Legislation intended to protect Texas public school children from sexualization drew the ire of LGBTQ activists during a Senate Education Committee hearing Wednesday.
The committee received testimony from nearly two dozen witnesses on State Sen. Bryan Hughes’ (R–Mineola) Senate Bill 1072, which would require school districts and charter schools to adopt policies regarding “when an employee may discuss human sexuality with a student” and “when extracurricular events related to human sexuality may be held.” The measure authorizes the attorney general or a district or county attorney to sue a school district if it violates its adopted policy.
Hughes explained his bill is intended to address attempts by some school districts to skirt the recommendations of the local school health advisory council (SHAC) regarding instruction on human sexuality by sponsoring extracurricular events during which this topic is discussed. The SHAC in each district is composed of a majority of non-employee parents and is responsible for “ensuring that local community values are reflected in the district’s health education instruction.”
Several witnesses—including representatives from the ACLU, Equality Texas, and the National Association of Social Workers—compared the legislation to Florida’s Parental Rights in Education bill, derided by critics as the “Don’t Say Gay” bill. These witnesses said the legislation would infringe on the First Amendment rights of free speech and association and take Texas back to the 1980s, which they described as a “hellish” time for LGBTQ individuals. Some made the claim that it would prohibit teaching on classic works of literature or hosting plays that contain sexual themes, like “Romeo and Juliet.”
One witness accused lawmakers of trying to “erase the existence of the LGBTQIA+ community from public schools entirely” and destroy “safe places for students to find each other and safely come out to their peers and trusted educators in their own time.”
Another said the bill “would empower overzealous school board members to act on their personal biases and prejudices” and that it is symptomatic of the “hate and vitriol that has been directed towards the LGBTQ plus community.”
Still another claimed LGBTQ individuals are “reviled by the state” and compared current efforts to limit discussion of certain topics pertaining to sexuality in public schools to the persecution of Jews in Nazi Germany.
Loren Perkins, a transgender individual who refused to end their testimony during a hearing on a bill by Hughes (Senate Bill 12) that would ban drag shows targeting children, said, “Not many people on this panel are worthy of the vulnerability that it takes to share these awful, heartbreaking stories of our existence.”
“Simply the fact that you had the gall to bring it here before us is going to embolden other people to make our lives [a] living hell,” Perkins added.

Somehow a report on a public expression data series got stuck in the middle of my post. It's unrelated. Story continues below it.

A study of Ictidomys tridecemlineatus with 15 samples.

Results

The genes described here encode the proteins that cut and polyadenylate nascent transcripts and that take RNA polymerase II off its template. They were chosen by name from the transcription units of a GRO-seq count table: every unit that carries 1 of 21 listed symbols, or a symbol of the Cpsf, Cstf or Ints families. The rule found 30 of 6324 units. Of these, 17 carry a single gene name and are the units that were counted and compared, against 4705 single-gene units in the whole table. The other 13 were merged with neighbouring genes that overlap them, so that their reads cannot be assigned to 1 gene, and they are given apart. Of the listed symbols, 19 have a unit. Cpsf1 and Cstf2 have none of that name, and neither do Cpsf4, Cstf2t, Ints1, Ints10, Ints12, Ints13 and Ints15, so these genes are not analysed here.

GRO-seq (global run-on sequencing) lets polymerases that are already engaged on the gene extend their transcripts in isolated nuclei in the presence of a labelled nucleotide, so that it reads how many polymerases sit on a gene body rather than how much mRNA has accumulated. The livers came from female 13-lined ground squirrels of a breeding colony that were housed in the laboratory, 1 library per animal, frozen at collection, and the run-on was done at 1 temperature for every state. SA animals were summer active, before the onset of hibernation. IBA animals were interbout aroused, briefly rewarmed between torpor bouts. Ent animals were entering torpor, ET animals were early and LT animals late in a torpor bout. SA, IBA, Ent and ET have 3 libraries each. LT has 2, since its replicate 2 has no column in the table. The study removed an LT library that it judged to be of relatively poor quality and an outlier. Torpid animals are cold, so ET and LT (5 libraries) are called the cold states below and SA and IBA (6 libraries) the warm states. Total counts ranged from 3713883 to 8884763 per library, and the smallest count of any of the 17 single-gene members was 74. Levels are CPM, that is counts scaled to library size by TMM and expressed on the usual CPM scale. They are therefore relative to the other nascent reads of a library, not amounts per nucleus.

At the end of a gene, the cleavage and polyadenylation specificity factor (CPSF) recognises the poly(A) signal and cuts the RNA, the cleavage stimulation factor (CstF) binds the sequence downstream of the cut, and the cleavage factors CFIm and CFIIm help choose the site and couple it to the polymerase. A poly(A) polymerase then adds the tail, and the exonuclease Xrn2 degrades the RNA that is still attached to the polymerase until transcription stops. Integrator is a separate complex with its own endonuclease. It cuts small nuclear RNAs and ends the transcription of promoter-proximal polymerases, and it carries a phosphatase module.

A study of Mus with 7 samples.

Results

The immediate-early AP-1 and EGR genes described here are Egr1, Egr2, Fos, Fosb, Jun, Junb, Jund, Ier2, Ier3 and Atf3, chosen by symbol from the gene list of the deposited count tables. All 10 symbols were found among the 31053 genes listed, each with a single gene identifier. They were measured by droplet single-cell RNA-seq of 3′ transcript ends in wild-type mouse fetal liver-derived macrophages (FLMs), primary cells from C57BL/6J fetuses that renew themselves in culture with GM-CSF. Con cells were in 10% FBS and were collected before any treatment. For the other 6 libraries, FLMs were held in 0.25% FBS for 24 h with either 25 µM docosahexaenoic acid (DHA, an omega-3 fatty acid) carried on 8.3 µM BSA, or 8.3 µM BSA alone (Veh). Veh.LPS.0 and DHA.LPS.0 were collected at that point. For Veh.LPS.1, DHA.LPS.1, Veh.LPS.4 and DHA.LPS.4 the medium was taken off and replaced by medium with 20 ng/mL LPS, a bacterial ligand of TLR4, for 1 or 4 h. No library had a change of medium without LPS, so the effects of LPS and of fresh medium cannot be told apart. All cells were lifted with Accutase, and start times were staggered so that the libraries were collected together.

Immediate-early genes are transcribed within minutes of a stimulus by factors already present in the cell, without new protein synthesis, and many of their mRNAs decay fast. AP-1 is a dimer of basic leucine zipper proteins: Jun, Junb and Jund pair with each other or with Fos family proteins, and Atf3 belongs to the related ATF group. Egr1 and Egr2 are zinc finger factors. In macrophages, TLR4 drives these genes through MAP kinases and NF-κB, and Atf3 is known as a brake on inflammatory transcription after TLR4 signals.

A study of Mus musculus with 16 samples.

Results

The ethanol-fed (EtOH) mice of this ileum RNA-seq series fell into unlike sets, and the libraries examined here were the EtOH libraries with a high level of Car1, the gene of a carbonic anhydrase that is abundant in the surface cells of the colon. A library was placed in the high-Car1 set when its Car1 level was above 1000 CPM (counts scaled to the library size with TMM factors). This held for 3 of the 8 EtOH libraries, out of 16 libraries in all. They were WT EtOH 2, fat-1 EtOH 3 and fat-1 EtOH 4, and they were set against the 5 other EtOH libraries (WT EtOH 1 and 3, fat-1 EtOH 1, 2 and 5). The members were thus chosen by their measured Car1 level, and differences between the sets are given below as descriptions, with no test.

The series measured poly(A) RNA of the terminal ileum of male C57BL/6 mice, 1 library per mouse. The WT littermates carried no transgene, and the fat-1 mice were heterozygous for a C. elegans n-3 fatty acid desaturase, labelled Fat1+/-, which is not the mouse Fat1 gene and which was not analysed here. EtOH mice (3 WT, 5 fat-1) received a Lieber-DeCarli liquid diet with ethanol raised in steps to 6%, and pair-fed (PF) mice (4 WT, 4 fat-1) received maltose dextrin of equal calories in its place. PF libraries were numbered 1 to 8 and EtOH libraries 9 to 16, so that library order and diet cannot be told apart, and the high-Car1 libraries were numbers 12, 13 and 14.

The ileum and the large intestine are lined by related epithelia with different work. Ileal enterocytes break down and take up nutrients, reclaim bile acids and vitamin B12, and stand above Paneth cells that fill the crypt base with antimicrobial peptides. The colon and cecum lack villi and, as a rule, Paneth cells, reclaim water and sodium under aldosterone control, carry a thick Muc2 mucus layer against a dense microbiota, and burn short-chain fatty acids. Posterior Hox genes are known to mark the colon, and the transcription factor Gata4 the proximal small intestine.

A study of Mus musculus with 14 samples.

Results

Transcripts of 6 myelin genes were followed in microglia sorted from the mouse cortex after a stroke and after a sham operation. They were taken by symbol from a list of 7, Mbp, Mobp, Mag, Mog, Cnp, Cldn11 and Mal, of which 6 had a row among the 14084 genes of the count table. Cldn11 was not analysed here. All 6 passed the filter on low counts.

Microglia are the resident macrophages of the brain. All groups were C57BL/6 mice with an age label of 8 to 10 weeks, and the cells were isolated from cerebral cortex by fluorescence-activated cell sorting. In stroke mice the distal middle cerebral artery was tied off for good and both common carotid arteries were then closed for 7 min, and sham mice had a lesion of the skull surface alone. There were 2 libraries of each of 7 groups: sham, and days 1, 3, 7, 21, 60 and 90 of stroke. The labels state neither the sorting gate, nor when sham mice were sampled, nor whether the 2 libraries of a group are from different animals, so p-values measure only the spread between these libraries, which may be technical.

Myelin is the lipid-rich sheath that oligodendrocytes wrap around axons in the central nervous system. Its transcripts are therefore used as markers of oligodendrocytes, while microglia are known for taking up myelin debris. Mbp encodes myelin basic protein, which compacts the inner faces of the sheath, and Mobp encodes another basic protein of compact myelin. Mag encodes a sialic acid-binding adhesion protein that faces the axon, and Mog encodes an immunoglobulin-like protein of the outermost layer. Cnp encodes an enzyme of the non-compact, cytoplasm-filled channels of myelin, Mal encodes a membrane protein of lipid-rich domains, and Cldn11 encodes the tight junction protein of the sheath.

While LGBTQ activists opposed the legislation, others came to show their support.
Lori Kuykendall, the president of Beacon Health Education Resources, noted how legislation enacted in 2021 required districts to provide more transparency about SHAC meetings and greater access to sexual education curricula, in addition to allowing parents to explicitly opt in to sexuality instruction for their children rather than giving them the opportunity to opt out.
“This bill … is needed to help add eyes and teeth to these laws which previously did not have sufficient monitoring nor enforcement mechanisms in place, without which they are merely suggestions left to the local district lawyers to interpret and determine how their district will abide by them,” Kuykendall argued.
Christin Bentley, the state Republican executive committeewoman for Senate District 1 and the key figure spearheading the party’s initiative to stop sexualizing Texas kids, said the bill would strengthen parental rights and protect children from abuse.
“Parents have the fundamental God-given right to direct the upbringing of their children—not just their education, but their moral and religious training,” said Bentley. “The state should not interfere with those fundamental rights unless to further a compelling state interest. And one of those compelling interests happens to be protecting children from sexualization. Sexualizing a child is abuse.”
“Unfortunately,” she continued, “public schools across the state of Texas have found ways to disregard the law. … This puts Texas children at risk of being sexualized. This isn’t an isolated problem. It is happening in suburban and rural districts across the state.”
Senate Bill 1072 was left pending at the conclusion of the hearing.